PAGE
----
Property division can cause a lot of tension during the divorce process. California’s community property law directs the court to divide the marital estate in half, but there’s no guarantee that all assets will be designated as community property. More likely than not, the court will hold that one or both spouses are entitled to hold onto separate property. California also had a concept known as quasi community property. Given the confusion that can arise, the best way protect your property rights is to hire an experienced California divorce attorney.

California law holds that when two people enter in marriage or domestic partnership, they become one “community.” Everything earned or purchased and every debt accumulated is an asset or obligation of the marital community.

Separate property is anything acquired prior to the marriage, as well as gifts or inheritances received during the marriage that were clearly intended for only one of the spouses. Couples can designate property as separate through a prenuptial or postnuptial agreement. Finally, the court will consider whether any separate property by its owner’s use has been commingled with community property, and has lost its designation as separate.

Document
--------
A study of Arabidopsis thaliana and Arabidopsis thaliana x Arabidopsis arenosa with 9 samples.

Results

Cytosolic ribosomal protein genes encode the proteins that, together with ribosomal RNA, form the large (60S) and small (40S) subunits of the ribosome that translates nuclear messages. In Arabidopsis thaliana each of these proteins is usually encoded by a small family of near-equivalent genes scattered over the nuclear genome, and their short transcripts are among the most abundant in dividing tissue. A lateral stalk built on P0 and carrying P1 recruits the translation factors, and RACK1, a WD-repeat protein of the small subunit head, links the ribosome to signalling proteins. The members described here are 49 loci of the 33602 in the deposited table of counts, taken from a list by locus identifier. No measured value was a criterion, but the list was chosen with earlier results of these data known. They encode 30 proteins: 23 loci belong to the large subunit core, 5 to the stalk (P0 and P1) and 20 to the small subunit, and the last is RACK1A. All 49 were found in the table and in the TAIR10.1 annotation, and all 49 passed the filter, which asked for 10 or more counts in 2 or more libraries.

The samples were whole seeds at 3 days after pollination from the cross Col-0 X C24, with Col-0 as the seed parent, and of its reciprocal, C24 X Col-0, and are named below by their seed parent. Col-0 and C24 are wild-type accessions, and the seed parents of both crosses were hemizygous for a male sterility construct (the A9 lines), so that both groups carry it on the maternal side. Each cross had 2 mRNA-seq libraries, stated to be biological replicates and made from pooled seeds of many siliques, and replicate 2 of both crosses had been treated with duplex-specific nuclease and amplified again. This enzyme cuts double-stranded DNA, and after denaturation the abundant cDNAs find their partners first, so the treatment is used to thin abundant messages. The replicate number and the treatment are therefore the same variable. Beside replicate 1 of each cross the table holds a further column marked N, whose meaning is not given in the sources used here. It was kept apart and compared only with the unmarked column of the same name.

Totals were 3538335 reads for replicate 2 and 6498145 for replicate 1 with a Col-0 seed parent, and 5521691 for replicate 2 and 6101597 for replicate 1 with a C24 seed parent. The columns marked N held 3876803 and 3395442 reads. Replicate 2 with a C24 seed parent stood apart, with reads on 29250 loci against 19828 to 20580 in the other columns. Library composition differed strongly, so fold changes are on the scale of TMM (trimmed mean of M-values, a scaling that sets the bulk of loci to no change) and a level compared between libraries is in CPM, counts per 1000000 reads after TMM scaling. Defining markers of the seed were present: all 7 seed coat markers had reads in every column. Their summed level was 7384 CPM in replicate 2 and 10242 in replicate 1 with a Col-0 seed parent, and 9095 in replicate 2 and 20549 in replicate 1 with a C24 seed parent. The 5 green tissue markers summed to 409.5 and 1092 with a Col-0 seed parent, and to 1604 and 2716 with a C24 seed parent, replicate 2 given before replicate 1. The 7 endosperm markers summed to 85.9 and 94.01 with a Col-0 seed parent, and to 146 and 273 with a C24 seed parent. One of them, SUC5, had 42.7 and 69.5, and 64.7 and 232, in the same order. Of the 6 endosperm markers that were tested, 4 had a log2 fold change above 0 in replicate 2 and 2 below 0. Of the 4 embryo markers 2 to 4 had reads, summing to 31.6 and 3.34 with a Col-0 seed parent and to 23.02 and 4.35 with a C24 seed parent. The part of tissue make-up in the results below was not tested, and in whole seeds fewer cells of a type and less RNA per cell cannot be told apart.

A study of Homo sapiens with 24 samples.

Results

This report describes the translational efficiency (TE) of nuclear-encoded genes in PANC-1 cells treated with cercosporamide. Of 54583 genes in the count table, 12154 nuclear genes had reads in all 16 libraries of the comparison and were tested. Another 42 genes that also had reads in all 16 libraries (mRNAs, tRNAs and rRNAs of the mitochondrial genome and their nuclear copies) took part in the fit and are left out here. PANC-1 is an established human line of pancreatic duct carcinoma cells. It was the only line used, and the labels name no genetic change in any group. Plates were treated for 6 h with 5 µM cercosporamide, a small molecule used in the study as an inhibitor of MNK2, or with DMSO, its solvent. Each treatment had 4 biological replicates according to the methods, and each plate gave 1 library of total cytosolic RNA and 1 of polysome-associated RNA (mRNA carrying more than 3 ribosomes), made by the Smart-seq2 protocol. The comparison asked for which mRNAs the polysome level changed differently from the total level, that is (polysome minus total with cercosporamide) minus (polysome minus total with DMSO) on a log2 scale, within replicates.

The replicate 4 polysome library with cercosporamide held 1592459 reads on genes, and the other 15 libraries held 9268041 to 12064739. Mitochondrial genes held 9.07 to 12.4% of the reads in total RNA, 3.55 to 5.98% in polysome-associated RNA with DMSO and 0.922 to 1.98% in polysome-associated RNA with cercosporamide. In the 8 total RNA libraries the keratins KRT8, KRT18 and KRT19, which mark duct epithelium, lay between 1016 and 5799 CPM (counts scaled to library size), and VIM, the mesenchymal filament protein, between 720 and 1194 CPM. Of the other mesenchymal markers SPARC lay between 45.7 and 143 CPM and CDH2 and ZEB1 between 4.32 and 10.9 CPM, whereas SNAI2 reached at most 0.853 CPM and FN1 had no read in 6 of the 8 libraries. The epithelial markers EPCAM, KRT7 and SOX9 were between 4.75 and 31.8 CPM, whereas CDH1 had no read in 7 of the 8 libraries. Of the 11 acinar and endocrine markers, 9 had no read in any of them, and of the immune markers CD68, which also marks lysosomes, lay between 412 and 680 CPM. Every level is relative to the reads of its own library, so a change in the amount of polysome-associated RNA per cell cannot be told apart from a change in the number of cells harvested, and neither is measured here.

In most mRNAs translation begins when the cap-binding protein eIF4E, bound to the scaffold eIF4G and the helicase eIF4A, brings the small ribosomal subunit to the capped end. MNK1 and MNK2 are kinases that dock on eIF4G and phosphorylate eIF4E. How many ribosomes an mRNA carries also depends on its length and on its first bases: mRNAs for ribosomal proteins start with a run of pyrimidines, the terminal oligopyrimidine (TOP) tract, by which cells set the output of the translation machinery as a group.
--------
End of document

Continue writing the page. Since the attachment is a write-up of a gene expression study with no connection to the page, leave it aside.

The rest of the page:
There are four steps the court follows in dividing property during dissolution of a marriage or domestic partnership:

  • Identify the property — This is a compete inventory of all assets and debt, held separately or together
  • Designate the property — Assets and obligations are categorized as separate or community (and quasi community)
  • Value the community property — The court listens to arguments and decides on a price tag for each asset
  • Divide the community property equally — The goal of the court is to get as close as possible to a 50-50 split of community assets and debt.

Couples often find that the way the court divides assets is not how they would have preferred. To prevent an adverse court ruling, divorcing spouses have the opportunity to negotiate a fair property settlement agreement and present it to the court for approval. The court is generally happy to approve an agreement the couple has work out, unless it is so one-sided as to be unconscionable. However, if you cannot agree on how to split your assets, you will have to go to trial, which can be a grueling and expensive procedure.

To learn more about property division in California, contact an experienced divorce attorney today.